Good Morning America has run two recent segments on a parental control phone monitoring app. called Bark. For a fee, the tech company advertises that it’s app. can monitor your children’s social media online activities for signs of potentially dangerous situations such as cyber-bullying, adult content, sexual predators, drug use, depression, suicidal ideation, threats of violence and other assorted issues.
Understandably, the online world can be a dangerous place, so some parents might choose to monitor their children’s computer activities by paying a tech company to act as “big brother”, and that’s fine.
But Bark, and you can read the Good Morning America segment by clicking here to see what you think, has taken the act of “monitoring” to what I think is a disturbing new length, luring in what they refer to as “potential predators” the same way law enforcement does with online entrapment type stings. (Their website doesn’t divulge whether or not they are connected with law enforcement, only that they work closely with law enforcement.)
Bark has what they refer to as a Special Projects Team. (No professional qualifications of those involved in this Special Projects Team are listed on their website.) According to their information, this team is a “natural extension of the work the company does on a daily basis to keep kids safe by monitoring their online activities.” Here’s where it begins to seem disturbing to me.
One of the team members is a 37- yr. old mother who reports that she has worked for years, disguising herself online, using different personas and with the help of a “dynamite” graphic design team, portrays young teenage girls, in order to uncover potential predators online.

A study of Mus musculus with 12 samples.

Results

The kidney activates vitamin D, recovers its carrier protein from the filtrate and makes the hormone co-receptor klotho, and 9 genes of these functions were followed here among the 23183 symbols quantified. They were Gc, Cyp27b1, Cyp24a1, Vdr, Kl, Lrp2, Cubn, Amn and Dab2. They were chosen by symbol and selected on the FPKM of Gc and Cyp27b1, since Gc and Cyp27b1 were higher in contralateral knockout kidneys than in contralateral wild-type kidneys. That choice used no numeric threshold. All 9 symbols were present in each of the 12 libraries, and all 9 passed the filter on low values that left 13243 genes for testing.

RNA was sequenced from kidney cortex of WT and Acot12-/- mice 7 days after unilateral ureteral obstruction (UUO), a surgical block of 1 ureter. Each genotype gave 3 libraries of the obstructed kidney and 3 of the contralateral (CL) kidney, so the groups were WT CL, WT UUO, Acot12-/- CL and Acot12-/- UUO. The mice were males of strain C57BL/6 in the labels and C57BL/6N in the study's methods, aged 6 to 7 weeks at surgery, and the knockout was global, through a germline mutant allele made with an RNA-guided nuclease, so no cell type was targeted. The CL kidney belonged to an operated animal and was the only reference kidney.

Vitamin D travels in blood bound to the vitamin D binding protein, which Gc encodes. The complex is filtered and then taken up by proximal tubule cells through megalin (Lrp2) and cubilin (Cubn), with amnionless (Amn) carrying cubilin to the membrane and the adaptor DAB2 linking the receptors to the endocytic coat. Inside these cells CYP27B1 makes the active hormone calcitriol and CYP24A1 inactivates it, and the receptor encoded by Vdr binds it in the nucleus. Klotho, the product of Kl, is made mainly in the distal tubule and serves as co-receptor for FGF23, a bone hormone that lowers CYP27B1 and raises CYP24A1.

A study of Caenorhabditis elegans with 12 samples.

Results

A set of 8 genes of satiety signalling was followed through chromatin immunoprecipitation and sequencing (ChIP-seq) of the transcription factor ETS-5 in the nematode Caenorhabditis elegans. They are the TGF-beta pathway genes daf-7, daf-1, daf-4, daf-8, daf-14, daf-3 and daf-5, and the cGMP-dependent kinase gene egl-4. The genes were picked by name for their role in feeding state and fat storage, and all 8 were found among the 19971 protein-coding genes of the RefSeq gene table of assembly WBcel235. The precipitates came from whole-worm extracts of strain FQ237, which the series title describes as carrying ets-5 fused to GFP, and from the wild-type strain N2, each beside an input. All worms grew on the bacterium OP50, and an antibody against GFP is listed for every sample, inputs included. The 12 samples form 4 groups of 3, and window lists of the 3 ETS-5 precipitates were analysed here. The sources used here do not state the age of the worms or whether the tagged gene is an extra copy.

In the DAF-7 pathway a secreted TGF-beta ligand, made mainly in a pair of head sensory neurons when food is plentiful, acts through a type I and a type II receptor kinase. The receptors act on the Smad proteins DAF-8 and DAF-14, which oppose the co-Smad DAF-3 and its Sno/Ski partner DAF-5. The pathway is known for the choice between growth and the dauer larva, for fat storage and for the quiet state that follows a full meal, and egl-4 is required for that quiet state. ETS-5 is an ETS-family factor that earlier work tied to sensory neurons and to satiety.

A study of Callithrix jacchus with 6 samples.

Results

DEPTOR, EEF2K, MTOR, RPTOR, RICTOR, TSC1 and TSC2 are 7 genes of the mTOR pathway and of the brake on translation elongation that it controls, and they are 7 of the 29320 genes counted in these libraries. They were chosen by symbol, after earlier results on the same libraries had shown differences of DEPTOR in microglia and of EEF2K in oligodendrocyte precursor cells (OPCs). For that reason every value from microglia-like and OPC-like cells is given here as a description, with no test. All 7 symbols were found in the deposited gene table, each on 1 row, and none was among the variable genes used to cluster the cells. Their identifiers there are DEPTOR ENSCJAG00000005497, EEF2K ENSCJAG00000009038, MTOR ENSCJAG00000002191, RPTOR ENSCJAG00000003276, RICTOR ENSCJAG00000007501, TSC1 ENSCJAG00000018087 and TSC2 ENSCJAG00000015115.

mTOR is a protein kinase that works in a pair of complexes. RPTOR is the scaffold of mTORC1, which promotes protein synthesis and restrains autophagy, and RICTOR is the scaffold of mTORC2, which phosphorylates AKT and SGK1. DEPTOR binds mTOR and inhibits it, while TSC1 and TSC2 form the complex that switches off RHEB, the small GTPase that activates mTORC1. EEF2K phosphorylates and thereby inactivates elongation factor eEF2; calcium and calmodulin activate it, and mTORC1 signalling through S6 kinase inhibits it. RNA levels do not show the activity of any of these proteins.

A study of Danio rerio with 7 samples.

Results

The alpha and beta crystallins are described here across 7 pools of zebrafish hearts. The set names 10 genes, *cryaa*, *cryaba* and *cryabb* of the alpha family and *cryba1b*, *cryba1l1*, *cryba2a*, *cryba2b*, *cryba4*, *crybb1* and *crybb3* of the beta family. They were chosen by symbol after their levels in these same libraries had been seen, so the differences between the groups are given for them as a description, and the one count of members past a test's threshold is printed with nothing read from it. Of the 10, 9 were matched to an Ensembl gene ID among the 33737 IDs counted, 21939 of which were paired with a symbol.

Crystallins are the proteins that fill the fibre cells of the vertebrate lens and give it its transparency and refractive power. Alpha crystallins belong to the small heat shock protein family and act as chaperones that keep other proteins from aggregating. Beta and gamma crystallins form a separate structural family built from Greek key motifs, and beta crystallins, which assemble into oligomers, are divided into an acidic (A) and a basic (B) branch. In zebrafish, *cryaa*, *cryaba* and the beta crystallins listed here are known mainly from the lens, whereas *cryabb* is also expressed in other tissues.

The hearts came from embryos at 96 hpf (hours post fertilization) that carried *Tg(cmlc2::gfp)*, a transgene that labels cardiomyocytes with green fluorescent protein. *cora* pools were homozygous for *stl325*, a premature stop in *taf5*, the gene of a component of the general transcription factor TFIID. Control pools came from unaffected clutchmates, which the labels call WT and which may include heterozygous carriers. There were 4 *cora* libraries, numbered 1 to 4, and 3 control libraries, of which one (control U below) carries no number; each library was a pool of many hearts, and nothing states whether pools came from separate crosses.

Her personas vary in age, socioeconomic status, race, hair color, etc. Her facial features and body image are manipulated by the graphics team and fictitious tweens, teens and their backstories are created. The team members field incoming calls and messages, communicate in each individual persona voice and then identify potential predators before turning the evidence they’ve gathered over to the NCMEC (National Center for Missing and Exploited Children) and law enforcement.
According to the Good Morning America article, this team member then goes home to her own family, taking off the “kid’s clothes” that she wore for images and video calls with perpetrators and changing into clothing more appropriate for a 37- year old.
Why does this seem kind of wrong and creepy in so many ways? Perhaps it’s because this seems to go way above and beyond what one would expect from a company hired to “monitor” your child’s computer use. The words that came to my mind when I read this article were “phishing”, “set-up” and “entrapment”. It reminded me of an old TV show, To Catch A Predator, where predator-entrapments were played out right before our eyes with law enforcement, ready and waiting to nab suspects.
I’m not certain what kind of authority, if any, companies like Bark are required to have in order to “act” like law enforcement, luring people into a web, gathering so-called evidence against “potential” perpetrators and then turning it over to “real” law enforcement. There’s just something that doesn’t quite sit right with me about the “luring” aspect of this whole thing, team members dressing up in kid’s clothes, putting on make-up in order to pose as tweens and teens to attract “potential online predators.”
To me, the whole thing just seems, well, disturbing, and certainly out of the ordinary.